Soft robot draws from a cheetah’s motion for better performance. Credit: Yin Group, North Carolina State University.

Superman of Soft Robots

Aug 5, 2020

by Nancy S. Giges

A project underway in the Yin Group of Applied Mechanics of Materials Lab at North Carolina State University (NCSU) sounds like it could result in the Superman of soft robots.

Inspired by nature, especially the biomechanics of a cheetah’s spine, researchers have developed a new type of soft robot that can move quickly on solid surfaces or like a fish under water, ascend with gecko-inspired climbing ability, jump off a table, grab delicate objects such as an uncooked egg, and lift heavy objects as well.

“Most soft robots are designed for a single purpose,” said Jie Yin, team leader and an assistant professor of mechanical and aerospace engineering at North Carolina State University and corresponding author of a paper in published in the journal “Science Advances” reporting on the team’s work. “We have demonstrated that this is a multi-task soft robot that can be used multi-purpose.”

Adding a “spine” to the actuator improves the robot’s performance. Credit: Yin Group, North Carolina State University.
Yin’s work with soft robots grew out of his expertise and interest in fundamental mechanics and the functionality of novel materials and structures. “Soft robots have become a hot area,” he said. “I see a lot of potential for pioneering work. “The good thing about soft robots in general is the safety factor around humans and their ability to adapt to their surrounding environment.”

Although other roboticists have been inspired by cheetahs for their speed, notably those developed by Boston Dynamics and Massachusetts Institute of Technology, those robots are rigid. Previous soft robots, unlike rigid robots, have been considerably slower because they use a crawling motion to move, staying in contact with a surface at all times.


To overcome these challenges, Yin’s team delved into the mechanical action of the cheetah’s spine, which because of its extraordinary flexibility allows the animal to arch its back significantly as it runs, producing a lot of power. So the team set out to create a new type of soft robot with a spring-powered spine that releases enough energy to propel the robot forward much faster than before.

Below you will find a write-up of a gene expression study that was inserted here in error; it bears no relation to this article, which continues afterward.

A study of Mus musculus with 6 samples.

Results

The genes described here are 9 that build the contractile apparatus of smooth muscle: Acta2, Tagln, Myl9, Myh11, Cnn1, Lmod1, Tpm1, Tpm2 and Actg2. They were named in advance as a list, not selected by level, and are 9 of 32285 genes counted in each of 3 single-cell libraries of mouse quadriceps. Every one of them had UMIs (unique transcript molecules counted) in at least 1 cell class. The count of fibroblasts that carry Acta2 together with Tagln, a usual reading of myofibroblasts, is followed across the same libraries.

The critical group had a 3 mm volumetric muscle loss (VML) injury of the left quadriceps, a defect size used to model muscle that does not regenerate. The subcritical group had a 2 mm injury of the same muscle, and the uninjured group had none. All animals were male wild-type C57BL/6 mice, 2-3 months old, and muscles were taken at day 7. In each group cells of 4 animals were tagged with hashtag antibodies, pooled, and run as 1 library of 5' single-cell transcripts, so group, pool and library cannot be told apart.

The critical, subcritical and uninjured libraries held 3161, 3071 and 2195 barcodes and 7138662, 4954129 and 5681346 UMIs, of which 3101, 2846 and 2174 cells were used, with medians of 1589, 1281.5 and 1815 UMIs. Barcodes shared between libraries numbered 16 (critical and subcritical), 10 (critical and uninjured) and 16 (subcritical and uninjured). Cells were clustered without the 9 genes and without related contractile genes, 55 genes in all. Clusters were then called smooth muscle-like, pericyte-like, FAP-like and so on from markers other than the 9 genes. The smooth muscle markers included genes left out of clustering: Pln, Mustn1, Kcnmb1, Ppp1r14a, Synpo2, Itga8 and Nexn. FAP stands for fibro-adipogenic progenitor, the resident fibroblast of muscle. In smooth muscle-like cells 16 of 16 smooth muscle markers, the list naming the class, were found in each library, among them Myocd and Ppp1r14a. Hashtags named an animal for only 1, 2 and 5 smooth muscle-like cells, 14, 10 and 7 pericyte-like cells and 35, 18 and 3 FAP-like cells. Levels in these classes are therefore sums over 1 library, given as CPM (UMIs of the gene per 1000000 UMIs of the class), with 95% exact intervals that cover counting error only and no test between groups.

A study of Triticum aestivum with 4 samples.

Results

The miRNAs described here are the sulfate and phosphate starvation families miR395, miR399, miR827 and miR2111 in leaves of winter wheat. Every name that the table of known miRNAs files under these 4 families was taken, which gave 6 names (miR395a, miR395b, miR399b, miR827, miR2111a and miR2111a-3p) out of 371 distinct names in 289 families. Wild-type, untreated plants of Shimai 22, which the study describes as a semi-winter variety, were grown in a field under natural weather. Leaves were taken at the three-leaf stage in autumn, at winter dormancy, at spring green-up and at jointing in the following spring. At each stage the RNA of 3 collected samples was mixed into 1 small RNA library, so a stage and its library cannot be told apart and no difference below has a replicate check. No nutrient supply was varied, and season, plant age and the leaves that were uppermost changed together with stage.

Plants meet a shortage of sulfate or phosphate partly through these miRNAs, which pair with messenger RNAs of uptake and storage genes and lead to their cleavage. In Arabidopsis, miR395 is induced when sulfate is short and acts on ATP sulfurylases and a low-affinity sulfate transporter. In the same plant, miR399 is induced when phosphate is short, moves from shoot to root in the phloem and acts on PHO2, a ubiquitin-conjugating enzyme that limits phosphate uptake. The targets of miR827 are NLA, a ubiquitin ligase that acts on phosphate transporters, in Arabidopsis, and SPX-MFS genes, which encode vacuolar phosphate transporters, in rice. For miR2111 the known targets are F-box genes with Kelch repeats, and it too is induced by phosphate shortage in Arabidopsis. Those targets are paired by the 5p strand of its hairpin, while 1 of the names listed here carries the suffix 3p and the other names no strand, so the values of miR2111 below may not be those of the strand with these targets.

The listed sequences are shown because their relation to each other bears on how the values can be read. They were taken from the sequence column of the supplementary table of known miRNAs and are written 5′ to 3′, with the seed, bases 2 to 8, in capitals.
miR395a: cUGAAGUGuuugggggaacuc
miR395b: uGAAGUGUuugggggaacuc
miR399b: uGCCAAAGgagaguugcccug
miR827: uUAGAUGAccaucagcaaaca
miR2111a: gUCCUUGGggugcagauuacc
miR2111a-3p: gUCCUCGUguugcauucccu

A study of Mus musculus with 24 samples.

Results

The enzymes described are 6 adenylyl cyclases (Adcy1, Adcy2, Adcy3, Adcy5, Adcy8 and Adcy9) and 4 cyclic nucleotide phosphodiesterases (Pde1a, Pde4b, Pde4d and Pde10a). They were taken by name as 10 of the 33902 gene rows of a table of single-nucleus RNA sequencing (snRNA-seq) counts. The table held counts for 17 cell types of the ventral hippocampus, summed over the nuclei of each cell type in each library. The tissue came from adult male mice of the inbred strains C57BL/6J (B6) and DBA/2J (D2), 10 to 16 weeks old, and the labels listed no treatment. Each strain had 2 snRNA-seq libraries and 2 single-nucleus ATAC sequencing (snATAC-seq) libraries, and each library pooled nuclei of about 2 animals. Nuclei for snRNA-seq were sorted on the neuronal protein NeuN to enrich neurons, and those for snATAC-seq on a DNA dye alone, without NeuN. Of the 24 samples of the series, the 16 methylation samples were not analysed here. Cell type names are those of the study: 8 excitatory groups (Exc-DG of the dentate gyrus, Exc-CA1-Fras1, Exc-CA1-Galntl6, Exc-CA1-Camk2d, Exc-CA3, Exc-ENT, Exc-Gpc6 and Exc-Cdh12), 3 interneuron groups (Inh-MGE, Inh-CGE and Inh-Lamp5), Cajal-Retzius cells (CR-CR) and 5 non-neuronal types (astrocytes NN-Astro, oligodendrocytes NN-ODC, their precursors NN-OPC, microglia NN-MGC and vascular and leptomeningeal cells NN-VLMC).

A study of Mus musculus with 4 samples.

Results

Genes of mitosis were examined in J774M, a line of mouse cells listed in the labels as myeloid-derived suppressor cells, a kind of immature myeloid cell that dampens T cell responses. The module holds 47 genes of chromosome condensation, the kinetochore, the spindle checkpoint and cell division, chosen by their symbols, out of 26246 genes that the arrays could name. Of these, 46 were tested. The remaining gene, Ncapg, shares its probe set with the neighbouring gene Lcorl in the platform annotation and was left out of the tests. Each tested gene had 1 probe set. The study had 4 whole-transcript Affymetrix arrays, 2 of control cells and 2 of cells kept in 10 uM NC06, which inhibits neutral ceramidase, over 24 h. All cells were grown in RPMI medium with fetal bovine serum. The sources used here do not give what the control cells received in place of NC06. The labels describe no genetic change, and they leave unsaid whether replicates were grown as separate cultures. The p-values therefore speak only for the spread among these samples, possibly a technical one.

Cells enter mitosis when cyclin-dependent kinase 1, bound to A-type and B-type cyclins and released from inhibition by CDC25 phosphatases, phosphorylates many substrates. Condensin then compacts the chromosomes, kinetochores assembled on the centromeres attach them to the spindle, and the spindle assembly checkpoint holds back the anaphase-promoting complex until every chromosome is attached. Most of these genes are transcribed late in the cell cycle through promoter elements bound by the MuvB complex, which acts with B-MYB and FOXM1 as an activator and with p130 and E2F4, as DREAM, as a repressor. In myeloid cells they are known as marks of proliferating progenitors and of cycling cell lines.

The key, said Yin, is creating a bistable system that acts like a switch. There are two stable states and no intermediate state, such as a light switch that can be in the off or on position (and not dimmable) or in nature a venus fly trap, which can be open or closed. In both examples, neither can be positioned anywhere in between in contrast to a drawer that can be open, closed or somewhere in between.


Although inspired by the cheetah’s flexible spine, the robot that is forming a new class called “Leveraging Elastic instabilities for Amplified Performance” (LEAP) doesn’t look at all like a cheetah. It has no head or tail and the legs are passive, attached only to get friction.

Only 7 centimeters long and weighing about 45 grams, the robot consists of three components: two soft pneumatic two-way bending actuators as skeletal muscle, a 3D-printed flexible mechanism composed of two rigid hinged links as a spine, and a pretensioned spring that connects two ends of the mechanism for potential mechanical energy storage and release.

“The magic is adding ‘a spine’ to the actuator,” Yin said. “That drives the fast speed.”

The prototype was used to show that LEAP robots can reach speeds of up to 2.7 body lengths per second, more than three times faster than the 0.8 body length per second of previous soft robots. They are also capable of running up steep inclines, difficult if not impossible for previous ones. The actions are demonstrated in this video.

For underwater use, a fin is attached instead of feet to improve swimming speeds.


Larger scale LEAP robots could be used in search and rescue and in industrial manufacturing applications where production is fast but the robot must be capable of handling both fragile and heavy objects.

The smaller ones–miniature or micron-could be used inside the human body for health monitoring, such as having a camera to explore inside arteries; for carrying and delivering drugs; and for use as surgical robots.

The researchers said this work serves as a proof of concept, and next steps include scaling up and down to human-size scale as well as to micron scale. They believe that by modifying the design, they can make LEAP robots even faster and more powerful.

“We are at three body lengths a second (with the prototype). A cheetah can move 16 body lengths per second, more than five times faster. I don’t think we can beat the cheetah when scaling up, but if we scale down to the micron scale, I think it will be more powerful,” Yin said. “That’s the one we are trying to do. We have very ambitious plans for the next year or two.”

Nancy S. Giges is a technology writer based in White Plains, N.Y.